15 Passenger Vans
In The News
TREMONTON, Utah (AP) – A Utah State University van overturned on a freeway about 65 miles north of Salt Lake City, killing seven students and injuring three, the Utah Highway Patrol said. The vehicle rolled four times on Interstate 84 near Tremonton, and all 10 occupants of the van were ejected, said Trooper Jeff Nigbur. The Dodge van came to rest on its wheels about six feet from a 50-foot-deep ravine. It appeared the left rear tire on the van had blown as it tried to pass another vehicle, and speed was a contributing factor as it appeared the van was going about 60 mph, officials said. The van’s roof was collapsed to the windows.
15 Passenger Van Crash Statistics
A traffic-related injury occurs every ten seconds in the United States. An additional five people die every hour in an automobile accident. AAA recently released a report indicating these accidents cost Americans $164.2 billion every year – a value that equates to $1,051 per person. Fatal accidents are not only a household problem; 23% of all occupational deaths in 2000 were attributable to car accidents, making driving the leading cause of work-related death.
When choosing to operate a 15-passenger van, a driver is not only susceptible to the same exposures of everyday commuting, they are also introduced to an entirely new array of dangerous situations. Inferior weight distribution and an extremely high center of gravity make these large vehicles susceptible to devastating rollover accidents. From 1997 to 2007, nearly 1,200 hundred people died in 15-passenger van accidents. Almost two-thirds were the result of a rollover.
How to Properly Load a 15 Passenger Van
Other than hiring responsible and experienced drivers with clean motor vehicle records, proper loading of a 15-passenger van is the easiest way to minimize the likelihood of catastrophic accidents. With a higher and deeper center of gravity than most commuter vehicles, weight distribution is extremely important. Consider placing heavier passengers in front of the rear axle, and always load the front rows completely before placing more passengers on the deeper benches. When transporting three passengers for example, it is much safer to situate all three on the first bench seat. Under no circumstances should each rider occupy their own individual row.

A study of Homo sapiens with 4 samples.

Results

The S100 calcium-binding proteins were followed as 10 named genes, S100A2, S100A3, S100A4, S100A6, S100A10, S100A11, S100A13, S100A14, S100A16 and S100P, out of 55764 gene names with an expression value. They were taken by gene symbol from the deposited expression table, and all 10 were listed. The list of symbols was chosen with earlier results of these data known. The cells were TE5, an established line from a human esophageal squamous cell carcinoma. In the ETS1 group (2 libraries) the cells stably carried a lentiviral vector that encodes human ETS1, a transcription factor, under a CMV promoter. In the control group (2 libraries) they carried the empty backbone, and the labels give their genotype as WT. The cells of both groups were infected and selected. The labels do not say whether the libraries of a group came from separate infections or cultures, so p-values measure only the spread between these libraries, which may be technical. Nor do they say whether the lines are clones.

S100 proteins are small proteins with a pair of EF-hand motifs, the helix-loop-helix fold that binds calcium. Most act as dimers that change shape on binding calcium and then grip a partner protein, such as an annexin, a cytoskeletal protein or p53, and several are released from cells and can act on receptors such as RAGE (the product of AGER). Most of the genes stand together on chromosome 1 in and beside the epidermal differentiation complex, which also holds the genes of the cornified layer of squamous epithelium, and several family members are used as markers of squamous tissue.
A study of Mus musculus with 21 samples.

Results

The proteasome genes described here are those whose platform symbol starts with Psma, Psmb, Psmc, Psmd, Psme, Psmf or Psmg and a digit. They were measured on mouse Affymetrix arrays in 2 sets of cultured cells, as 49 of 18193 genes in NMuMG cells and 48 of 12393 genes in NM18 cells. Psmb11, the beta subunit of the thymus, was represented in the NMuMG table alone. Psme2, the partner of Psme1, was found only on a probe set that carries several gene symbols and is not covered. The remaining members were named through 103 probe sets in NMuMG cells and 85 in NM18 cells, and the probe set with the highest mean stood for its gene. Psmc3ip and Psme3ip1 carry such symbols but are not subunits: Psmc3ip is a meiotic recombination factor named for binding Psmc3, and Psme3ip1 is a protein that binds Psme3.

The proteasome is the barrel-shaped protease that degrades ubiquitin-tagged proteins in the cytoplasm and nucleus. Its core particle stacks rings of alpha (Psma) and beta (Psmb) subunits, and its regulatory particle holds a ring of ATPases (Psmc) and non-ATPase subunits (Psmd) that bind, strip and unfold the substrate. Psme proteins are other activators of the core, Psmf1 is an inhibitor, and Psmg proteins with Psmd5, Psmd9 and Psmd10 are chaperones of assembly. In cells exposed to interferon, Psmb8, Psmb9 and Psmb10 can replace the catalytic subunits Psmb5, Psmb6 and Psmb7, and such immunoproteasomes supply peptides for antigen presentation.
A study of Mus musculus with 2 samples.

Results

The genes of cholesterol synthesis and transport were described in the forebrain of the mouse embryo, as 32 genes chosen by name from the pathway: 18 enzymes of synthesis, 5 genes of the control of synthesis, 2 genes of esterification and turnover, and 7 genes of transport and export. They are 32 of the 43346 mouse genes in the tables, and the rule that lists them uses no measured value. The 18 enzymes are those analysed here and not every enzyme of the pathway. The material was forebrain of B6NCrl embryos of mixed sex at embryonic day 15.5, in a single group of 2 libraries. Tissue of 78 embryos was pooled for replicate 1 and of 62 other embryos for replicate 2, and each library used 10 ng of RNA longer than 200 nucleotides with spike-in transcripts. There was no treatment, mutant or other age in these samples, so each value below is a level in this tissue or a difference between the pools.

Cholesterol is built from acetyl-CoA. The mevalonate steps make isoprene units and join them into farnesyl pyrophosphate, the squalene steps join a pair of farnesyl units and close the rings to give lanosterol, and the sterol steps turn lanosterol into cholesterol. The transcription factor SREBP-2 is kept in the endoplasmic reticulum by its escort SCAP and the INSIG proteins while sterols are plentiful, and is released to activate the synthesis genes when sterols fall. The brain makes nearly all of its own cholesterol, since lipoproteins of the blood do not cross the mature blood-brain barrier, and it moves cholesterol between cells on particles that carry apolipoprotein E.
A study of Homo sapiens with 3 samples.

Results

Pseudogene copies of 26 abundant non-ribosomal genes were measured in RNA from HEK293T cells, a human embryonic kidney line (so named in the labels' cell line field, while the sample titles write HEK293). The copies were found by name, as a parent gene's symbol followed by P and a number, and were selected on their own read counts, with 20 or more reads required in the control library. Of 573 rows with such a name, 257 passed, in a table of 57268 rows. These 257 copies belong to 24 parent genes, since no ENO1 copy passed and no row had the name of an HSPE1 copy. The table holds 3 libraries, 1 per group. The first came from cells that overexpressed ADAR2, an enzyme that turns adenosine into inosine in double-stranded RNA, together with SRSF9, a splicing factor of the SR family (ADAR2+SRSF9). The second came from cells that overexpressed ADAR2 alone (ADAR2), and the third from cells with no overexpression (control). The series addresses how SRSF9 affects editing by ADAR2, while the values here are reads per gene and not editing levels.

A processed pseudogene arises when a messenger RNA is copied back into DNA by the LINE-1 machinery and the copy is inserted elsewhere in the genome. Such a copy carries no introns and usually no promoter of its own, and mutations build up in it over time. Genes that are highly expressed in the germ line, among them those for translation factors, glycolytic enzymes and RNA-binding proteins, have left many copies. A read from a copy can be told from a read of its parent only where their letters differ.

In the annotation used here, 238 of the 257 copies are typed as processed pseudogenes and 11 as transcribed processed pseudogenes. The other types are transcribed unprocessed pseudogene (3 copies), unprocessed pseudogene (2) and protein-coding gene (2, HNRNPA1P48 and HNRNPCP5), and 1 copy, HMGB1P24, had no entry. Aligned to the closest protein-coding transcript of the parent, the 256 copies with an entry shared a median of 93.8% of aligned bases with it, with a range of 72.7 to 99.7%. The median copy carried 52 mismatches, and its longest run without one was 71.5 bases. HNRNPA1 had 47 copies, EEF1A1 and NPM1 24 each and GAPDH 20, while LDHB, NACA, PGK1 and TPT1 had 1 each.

With so much room dedicated to hauling people, most vans save very little space for luggage or other cargo items. Avoid loading gear on the top of the van whenever possible, as this will place the center of gravity even higher and increase the potential for a rollover. Try packing gear under the front seats before overloading the back cargo area. A tow-along trailer should be used in place of a rooftop carrier if transporting large amounts of cargo is absolutely necessary.
Check the Tire Pressure
Proper tire inflation is important for all vehicles. When full, a 15-passenger van displaces 45% of the total weight of the vehicle on the left rear tire. This disproportionate distribution increases the likelihood of a blown tire. All four tires should be checked each week. Underinflated tires are at greater risk of shredding. If a tire blows out while traveling at high speeds, the likelihood of a rollover increases exponentially.
Proper Tire Inflation
Even if a tire has pressure recommendations inscribed along the edge, the van manufacturer guidelines should be used as the benchmark. Vehicle guidelines have been made to fit one particular vehicle, while tires are designed for use on a wide variety of automobiles. Beginning in 2003, tire PSI information must be located on the driver side doorjamb. Older vehicles may list this information on various doorjambs, in the glove compartment, or on the inside of the gas cap door.
Speed as a Factor in Auto Accidents
Over the last several years, speeding has been the primary factor in more than 40% of all road deaths. A study in New South Wales comparing the increased level of risk as a driver increases speed reveals drivers going 53 mph in a 35 mph zone are 56.55 times more likely to be in an accident. This data includes vehicles of all sizes. When paired with center of gravity and tire pressure issues, speed management is even more significant for drivers of 15-passenger vehicles.
By maintaining safe speeds and avoiding routes with speed limits in excess of 45 miles per hour, drivers of 15-passenger vans greatly reduce the risk of an accident. The weight of larger vans makes braking quickly nearly impossible, which means more than four seconds of space should be kept between a 15-passenger van and the car in front of it.
Blind Spots on 15 Passenger Vans
Frequent lane changes also contribute to automobile accidents. The length of 15-passenger vans increases the area of blind spots and makes lane changes more hazardous. Drivers need to spend plenty of time growing accustomed to the side and rear-view mirrors of a larger vehicle, and should become acclimated with road tests before transporting passengers. Whenever possible, a second employee should assist the driver when backing up. Previously agreed upon hand and voice signals should be used every time the vehicle reverses.